If you have read our Grossman Group (MIT) review (click here to see the review) or a more recent update “Thinnest Solar Cell – Grossman Group (MIT)” (click here to see the update),you know how important graphene is for Prof. Grossman and his team.
Graphene itself may lack of important electrical properties but the addition of oxygen helps compensate that.That is why graphene oxide (GO) is a very promising low cost solution for applications like solar energy cells. The problem with the introduction of oxygen to graphene using currently available methods is either losing a good portion of the oxygen concentration or the requirement of very expensive equipment/techniques to process the solutions.
In a recent paper published in Nature Chemistry, “Scalable Enhancement of Graphene Oxide Properties by Thermally Driven Phase Separation” (click here to read the paper), the Grossman Group collaborates with other scientists from MIT as well as from UC Berkeley to provide a cheap & efficient annealing process to replace the inefficient and/or expensive methods currently used for GO structures.
The paper starts with indicating how the commonly used Hummers method results in the loss of oxygen, much needed part of GO for improved electrical properties. Next, the paper explains that the alternative methods to avoid the loss of oxygen, at least to a degree that could be considered success, require expensive equipment, complicated procedures, and annealing at 750 C. This pretty much restricts the use of these methods in large scale.
In order to explain the new process, the team starts with creating GO suspensions from synthetic graphite powder. When the GO suspensions were thermally annealed and monitored for nine days in two different temperatures (to monitor the effect of kinetic energy, experiments were conducted at 50 C and 80 C separately), the results revealed slightly improved light absorption as seen in the following graph.
When the team applies the same process to fry-dried GO samples prepared with the phase separation approach they have created, the light absorption increases dramatically, especially at 80 C as seen in the graph below.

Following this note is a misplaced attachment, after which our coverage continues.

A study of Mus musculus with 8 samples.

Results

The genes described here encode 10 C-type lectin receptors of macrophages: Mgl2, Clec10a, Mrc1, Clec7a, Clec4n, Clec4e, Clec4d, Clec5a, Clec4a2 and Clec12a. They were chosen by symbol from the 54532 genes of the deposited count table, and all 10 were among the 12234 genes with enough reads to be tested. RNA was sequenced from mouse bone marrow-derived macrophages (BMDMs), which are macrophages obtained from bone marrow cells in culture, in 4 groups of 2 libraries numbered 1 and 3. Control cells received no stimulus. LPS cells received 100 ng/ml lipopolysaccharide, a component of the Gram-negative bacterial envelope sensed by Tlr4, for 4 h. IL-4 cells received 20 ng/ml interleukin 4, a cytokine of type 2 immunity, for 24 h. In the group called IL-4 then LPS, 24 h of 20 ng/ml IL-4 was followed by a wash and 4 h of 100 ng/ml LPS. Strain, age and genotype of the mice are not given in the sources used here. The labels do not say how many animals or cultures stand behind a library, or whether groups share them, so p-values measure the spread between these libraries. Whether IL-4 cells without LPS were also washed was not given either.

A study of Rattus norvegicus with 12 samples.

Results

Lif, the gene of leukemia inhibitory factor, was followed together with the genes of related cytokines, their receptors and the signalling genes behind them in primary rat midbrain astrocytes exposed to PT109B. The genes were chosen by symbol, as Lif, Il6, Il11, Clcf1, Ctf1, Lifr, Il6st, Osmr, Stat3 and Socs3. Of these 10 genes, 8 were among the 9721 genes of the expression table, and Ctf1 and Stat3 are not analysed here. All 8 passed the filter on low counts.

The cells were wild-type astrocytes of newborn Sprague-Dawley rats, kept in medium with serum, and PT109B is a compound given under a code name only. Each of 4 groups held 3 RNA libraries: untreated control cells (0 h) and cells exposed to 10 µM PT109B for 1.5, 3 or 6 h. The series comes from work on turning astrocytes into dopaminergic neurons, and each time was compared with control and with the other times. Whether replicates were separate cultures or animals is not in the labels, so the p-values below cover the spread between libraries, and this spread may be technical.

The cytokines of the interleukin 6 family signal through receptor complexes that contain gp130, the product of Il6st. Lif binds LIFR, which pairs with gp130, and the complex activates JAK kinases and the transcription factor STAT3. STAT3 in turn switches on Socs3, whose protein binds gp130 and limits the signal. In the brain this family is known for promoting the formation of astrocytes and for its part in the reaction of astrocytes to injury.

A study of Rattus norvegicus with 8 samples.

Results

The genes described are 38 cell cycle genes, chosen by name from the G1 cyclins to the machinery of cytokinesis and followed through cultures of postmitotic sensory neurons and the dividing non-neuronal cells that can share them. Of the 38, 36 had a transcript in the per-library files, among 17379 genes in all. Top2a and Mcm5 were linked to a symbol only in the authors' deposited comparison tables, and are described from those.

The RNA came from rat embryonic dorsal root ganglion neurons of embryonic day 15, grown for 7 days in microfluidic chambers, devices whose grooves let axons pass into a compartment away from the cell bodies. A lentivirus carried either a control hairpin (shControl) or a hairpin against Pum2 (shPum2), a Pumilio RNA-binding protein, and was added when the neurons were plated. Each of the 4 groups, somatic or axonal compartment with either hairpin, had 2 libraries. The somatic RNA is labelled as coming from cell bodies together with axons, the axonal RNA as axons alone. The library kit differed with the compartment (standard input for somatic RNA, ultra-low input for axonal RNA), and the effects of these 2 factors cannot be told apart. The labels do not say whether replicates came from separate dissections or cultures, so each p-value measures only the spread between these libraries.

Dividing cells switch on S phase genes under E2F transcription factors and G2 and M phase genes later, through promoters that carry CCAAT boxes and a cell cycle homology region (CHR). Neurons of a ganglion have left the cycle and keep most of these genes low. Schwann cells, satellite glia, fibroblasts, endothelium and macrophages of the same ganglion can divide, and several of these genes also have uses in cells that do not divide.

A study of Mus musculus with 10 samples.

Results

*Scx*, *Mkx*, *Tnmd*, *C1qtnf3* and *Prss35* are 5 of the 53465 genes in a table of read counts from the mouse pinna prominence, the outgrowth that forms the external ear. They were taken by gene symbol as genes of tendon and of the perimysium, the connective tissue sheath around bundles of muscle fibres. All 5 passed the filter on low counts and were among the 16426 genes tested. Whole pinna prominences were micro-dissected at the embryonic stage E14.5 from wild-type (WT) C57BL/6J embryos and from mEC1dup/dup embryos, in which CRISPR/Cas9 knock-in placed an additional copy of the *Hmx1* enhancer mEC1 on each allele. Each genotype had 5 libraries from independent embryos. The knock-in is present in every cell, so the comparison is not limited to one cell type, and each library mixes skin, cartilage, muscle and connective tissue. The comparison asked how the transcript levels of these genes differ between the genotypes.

Consistent with the improved light absorption, the fry-dried GO samples also show much less resistance compared to as-synthesized GO, as seen in the graph below. Here the resistance reduction is up to four orders of magnitude when the experiment is done in 80 C.
To summarize these results, the increased light absorption comes from the fact that the annealed fry-dried GO samples collect photons in visible wavelength whereas as-synthesized GO samples do not. This results in 38% increase in photon collection. Similarly, the new annealing process keeps the oxygen concentration intact but also groups oxygen atoms and carbon atoms separate. This increases the electrical properties of the structure and lowers the resistance by four orders of magnitude. The team uses Auger electron spectroscopy (AES) to show this change in the structure as seen below.
As a conclusion, we are extremely impressed with the results Grossman Group provides in this paper. One of the most promising solar energy cell material, graphene, is now more promising then ever. We would like to also praise the team for dedicating this paper to the memory of MIT campus police officer Sean Collier.